Lisa Mace is a Senior Associate Attorney, Notary and Conveyancer at STBB and is based at the Fish Hoek office. After completing her LLB degree at Stellenbosch University, Lisa joined STBB in 2013 and was thereafter admitted as an Attorney, Notary and Conveyancer. Whilst most of her work is in Retail conveyancing and Property Law she also attends to Antenuptial Contracts, Notarial Contracts and assists in the Development Department.

Thought of the Week | DOES IT MATTER IF YOU SIGN PROPERTY SALE DOCUMENTS IN ANOTHER COUNTRY?    

It is often the case, and even more so with the recent travel restrictions, that sellers and purchasers find themselves overseas during the process that a property is sold. This will not hinder the parties to enter into a valid and binding sale agreement, but practical complications may arise. If the transfer documents (those that must be lodged in the Deeds Office) are signed outside the borders of South Africa, there are strict regulations prescribing how and in whose presence the documents must be signed. There are two methods:

  1. In terms of High Court Rule 63, documents signed in any country outside South Africa must be signed (executed) by the signatories in the presence of the head of the South African diplomatic or consular mission (or other designated official listed in Rule 63). The document must be authenticated by attaching a certificate thereto which bears the seal of office of the head of the South African diplomatic or consular mission (or other official). For a few countries (such as Swaziland, the UK, Zimbabwe, Botswana, Lesotho) the procedure under Rule 63 is slightly simplified in that the document may be signed and attested before a Notary practising as such in that country. The Notary must affix a seal of office to that document.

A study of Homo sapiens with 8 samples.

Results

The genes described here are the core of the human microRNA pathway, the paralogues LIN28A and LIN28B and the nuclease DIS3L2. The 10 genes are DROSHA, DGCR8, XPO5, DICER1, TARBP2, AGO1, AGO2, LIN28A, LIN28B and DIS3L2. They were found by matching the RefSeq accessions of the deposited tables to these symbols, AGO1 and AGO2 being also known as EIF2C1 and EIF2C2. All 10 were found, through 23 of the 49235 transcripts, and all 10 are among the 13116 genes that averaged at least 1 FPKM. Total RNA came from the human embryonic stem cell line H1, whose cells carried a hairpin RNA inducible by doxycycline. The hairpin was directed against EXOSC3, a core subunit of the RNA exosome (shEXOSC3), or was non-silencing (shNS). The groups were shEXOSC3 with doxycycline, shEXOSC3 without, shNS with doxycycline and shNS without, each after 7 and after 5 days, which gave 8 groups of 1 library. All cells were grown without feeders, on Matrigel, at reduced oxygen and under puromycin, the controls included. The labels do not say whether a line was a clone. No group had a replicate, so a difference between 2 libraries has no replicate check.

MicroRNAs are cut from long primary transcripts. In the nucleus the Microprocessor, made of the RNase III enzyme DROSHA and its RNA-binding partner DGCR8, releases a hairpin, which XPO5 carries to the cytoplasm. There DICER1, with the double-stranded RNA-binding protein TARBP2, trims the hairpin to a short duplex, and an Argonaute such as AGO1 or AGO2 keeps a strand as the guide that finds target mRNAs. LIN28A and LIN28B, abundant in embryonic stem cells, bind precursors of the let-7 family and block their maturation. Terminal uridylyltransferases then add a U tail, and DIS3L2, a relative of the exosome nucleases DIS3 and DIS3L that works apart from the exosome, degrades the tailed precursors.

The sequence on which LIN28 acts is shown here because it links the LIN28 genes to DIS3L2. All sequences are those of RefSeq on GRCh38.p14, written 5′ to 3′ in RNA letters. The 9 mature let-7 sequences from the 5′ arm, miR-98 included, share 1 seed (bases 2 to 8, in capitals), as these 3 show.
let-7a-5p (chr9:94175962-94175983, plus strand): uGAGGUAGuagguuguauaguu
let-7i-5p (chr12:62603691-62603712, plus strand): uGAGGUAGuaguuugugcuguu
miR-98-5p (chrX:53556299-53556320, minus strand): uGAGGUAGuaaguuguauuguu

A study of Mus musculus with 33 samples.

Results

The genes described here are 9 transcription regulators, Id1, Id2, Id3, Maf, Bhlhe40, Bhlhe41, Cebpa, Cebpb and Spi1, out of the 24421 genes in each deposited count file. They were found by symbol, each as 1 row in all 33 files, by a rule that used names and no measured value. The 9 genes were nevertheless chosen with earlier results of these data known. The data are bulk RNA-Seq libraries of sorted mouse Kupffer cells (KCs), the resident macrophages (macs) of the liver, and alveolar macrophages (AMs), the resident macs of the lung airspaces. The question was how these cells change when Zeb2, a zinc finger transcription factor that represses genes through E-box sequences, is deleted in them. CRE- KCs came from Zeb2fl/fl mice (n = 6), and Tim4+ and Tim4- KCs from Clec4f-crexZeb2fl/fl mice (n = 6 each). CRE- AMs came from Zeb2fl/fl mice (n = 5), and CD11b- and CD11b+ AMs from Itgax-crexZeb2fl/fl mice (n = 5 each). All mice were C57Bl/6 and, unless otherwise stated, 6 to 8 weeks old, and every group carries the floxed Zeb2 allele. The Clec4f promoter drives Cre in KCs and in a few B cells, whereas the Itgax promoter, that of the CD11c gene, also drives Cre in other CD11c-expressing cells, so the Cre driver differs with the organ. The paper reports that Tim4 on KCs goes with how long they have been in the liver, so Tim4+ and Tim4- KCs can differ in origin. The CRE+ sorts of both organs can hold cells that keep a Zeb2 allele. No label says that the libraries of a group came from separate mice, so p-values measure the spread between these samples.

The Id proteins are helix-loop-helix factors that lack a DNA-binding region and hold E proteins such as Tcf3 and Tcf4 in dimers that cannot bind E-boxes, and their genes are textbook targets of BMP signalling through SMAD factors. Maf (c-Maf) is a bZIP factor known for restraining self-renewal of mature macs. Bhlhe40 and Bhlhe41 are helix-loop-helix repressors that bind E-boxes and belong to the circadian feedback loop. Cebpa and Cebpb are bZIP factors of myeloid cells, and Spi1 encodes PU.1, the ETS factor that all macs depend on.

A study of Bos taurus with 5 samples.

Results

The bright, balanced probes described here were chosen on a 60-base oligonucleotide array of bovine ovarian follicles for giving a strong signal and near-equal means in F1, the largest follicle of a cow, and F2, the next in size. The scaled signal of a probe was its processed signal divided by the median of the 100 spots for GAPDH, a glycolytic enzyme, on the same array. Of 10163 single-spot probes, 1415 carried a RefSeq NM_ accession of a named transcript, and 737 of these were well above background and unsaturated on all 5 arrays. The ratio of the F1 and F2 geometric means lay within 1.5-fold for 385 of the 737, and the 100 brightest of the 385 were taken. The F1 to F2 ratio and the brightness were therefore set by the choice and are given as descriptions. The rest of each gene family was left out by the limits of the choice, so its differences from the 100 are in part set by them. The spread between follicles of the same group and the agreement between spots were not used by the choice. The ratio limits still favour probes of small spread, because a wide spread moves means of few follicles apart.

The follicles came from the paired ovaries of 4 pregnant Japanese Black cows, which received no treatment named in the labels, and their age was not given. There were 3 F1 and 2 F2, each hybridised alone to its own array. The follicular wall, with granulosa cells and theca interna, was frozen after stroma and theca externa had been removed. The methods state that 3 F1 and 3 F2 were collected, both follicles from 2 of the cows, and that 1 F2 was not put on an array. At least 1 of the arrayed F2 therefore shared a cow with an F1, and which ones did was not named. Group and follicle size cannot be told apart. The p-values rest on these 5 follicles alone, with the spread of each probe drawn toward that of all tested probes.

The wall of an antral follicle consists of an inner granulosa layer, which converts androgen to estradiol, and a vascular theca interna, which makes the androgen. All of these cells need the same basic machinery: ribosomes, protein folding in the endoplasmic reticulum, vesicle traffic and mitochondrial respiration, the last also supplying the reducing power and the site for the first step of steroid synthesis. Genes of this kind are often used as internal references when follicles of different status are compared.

2. The second option is for the signatories to sign the documents before a Notary Public in terms of the Hague Convention Abolishing the Requirement of Legalisation for Foreign Public Documents. Both countries must be members of the Convention. This option requires that, once signed by the signatories and Notary, the document must be apostilled by a relevant governmental authority (in that foreign country) which has such powers. The format of the apostille is prescribed in the Convention.

Once the documents have been signed and apostilled or authenticated, as applicable, the original signed documents need to be couriered back to the conveyancers for lodgement at the Deeds Office.

A way to avoid the practical complications of the signature of transfer documents abroad is for sellers and purchasers to appoint a trustworthy representative or attorney in South Africa, by way of a Special or General Power of Attorney, to sign the transfer documents locally on their behalf.

For assistance, contact your STBB conveyancer.